Chthonioidea

Members of this group are found in all the faunal regions of the world. They live mainly in soil, litter, and debris, and occasionally under the bark of trees. Many are found in caves, especially in Europe and America. The cave dwellers are usually strongly modified; in comparison with other members of the superfamily, they are larger, their appendages are more attenuated, and their eyes and coloration are reduced.
The 2 families in this superfamily are: Tridenchthoniidae (=Dithidae) and Chthoniidae.

TRIDENCHTHONIIDAE

There are distinct sclerotic plates around the spiracles; these plates are oriented obliquely to the long axis of the abdomen. In addition, the genital area of the female is strongly sclerotized. There are usually 50 or more setae on the carapace. A cheliceral galea is lacking in the adult, but the tritonymph (at least in some species) has a triple galea. Coxal spines are present on pedal coxae I and II: the intercoxal tubercle, when present, bears a single seta; the internal basal (ib) and internal subbasal (is) trichobothria are placed transversely on the dorsum of the chelal hand. On the movable chelal finger the subbasal (s) trichobothrium is much closer to the subterminal (st) than to the basal (b). The abdomen is often little longer than the carapace.
The family is mainly tropical, although a few species are found in temperate areas, for example, Verrucaditha spinosa, which ranges as far north in the United States as Ohio. These forms are small and cryptic and live in litter and under bark. They have not been well collected or studied.
About 20 genera have been placed in the family (=Dithidae), among them, Tridenchthonius of South and Central America, Ditha of southeast Asia, Verrucaditha of eastern North America, Compsaditha of Africa, Anaulacodithella of Australia, and Chelignathus, known only from Baltic amber.

CHTHONIIDAE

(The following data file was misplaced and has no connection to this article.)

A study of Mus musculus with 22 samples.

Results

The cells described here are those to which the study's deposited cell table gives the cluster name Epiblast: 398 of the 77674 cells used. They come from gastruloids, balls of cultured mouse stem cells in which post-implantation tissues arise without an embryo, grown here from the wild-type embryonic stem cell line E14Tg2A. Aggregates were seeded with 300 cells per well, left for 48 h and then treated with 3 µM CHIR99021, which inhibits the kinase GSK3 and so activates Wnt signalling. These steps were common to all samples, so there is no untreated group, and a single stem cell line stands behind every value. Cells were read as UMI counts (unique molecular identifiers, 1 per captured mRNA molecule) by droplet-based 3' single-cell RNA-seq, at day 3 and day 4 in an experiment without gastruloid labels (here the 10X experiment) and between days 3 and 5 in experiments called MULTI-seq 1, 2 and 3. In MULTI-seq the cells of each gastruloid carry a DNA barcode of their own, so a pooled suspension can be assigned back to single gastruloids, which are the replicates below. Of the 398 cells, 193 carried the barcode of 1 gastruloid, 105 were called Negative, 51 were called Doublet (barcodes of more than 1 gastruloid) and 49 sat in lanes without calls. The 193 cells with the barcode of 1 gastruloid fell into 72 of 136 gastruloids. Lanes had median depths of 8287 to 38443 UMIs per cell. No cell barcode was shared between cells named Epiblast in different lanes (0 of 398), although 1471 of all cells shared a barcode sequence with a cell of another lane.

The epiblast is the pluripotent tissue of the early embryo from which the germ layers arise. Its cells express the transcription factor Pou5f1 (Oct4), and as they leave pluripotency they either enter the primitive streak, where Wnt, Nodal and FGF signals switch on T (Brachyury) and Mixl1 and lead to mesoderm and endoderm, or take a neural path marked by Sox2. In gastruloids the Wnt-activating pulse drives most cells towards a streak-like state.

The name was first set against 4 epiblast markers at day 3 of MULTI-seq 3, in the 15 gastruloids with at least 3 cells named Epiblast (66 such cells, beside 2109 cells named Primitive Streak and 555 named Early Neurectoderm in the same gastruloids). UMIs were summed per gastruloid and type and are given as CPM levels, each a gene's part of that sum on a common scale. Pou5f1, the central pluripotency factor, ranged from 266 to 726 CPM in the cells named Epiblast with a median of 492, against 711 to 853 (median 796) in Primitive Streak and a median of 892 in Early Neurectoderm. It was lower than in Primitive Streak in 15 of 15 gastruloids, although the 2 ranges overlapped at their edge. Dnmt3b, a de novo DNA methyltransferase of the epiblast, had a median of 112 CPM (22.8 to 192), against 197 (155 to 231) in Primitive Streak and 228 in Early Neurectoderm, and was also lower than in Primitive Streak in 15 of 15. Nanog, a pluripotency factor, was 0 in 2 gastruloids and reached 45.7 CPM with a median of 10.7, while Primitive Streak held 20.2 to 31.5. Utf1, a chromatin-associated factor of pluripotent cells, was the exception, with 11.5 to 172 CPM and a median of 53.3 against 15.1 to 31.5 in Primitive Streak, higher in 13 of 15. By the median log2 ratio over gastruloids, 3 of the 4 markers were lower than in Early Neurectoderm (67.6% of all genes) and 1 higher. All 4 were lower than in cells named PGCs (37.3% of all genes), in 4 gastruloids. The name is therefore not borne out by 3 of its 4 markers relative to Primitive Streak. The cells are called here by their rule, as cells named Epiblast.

There are indistinct plates around the spiracles; these are placed transversely to the long axis of the abdomen. In addition, the genital area of the female is only weakly sclerotized. There are fewer than 30 setae on the carapace. Both nymphs and adults often have a cheliceral galea in the form of a single sclerotic knob or crest. Coxal spines are usually present on some combination of coxae I, II and III. The intercoxal tubercle, when present, bears two small setae. The internal basal (ib) and internal subbasal (is) trichobothria are usually placed transversely on the dorsum of the chelal hand, but may be located more distally at the base of the fixed finger (Pseudotyrannochthonius), or may be joined by the external basal (eb) and external subbasal (es) trichobothria (Lechytia), or may be arranged in tandem (Mexichthonius). On the movable chelal finger the subbasal (sb) trichobothrium may be close to the subterminal (st), as in the Tridenchthoniidae, or it may be close to the basal (b), near the base of the finger. The abdomen is usually distinctly longer than the carapace.
This large family comprises about 30 genera. Members are widely distributed in both tropical and temperate areas and on all continents. They are mainly small and cryptic, usually living in litter and soil, and occasionally under the bark of trees. Many have gone into caves, where some have become highly modified troglobitic forms: the most successful cavernicolous genera are Chthonius and Troglochthonius in Europe; and Aphrastochthonius, Kleptochthonius, and Tyrannochthonius in North and Central America; and Pseudotyrannochthonius in Australia.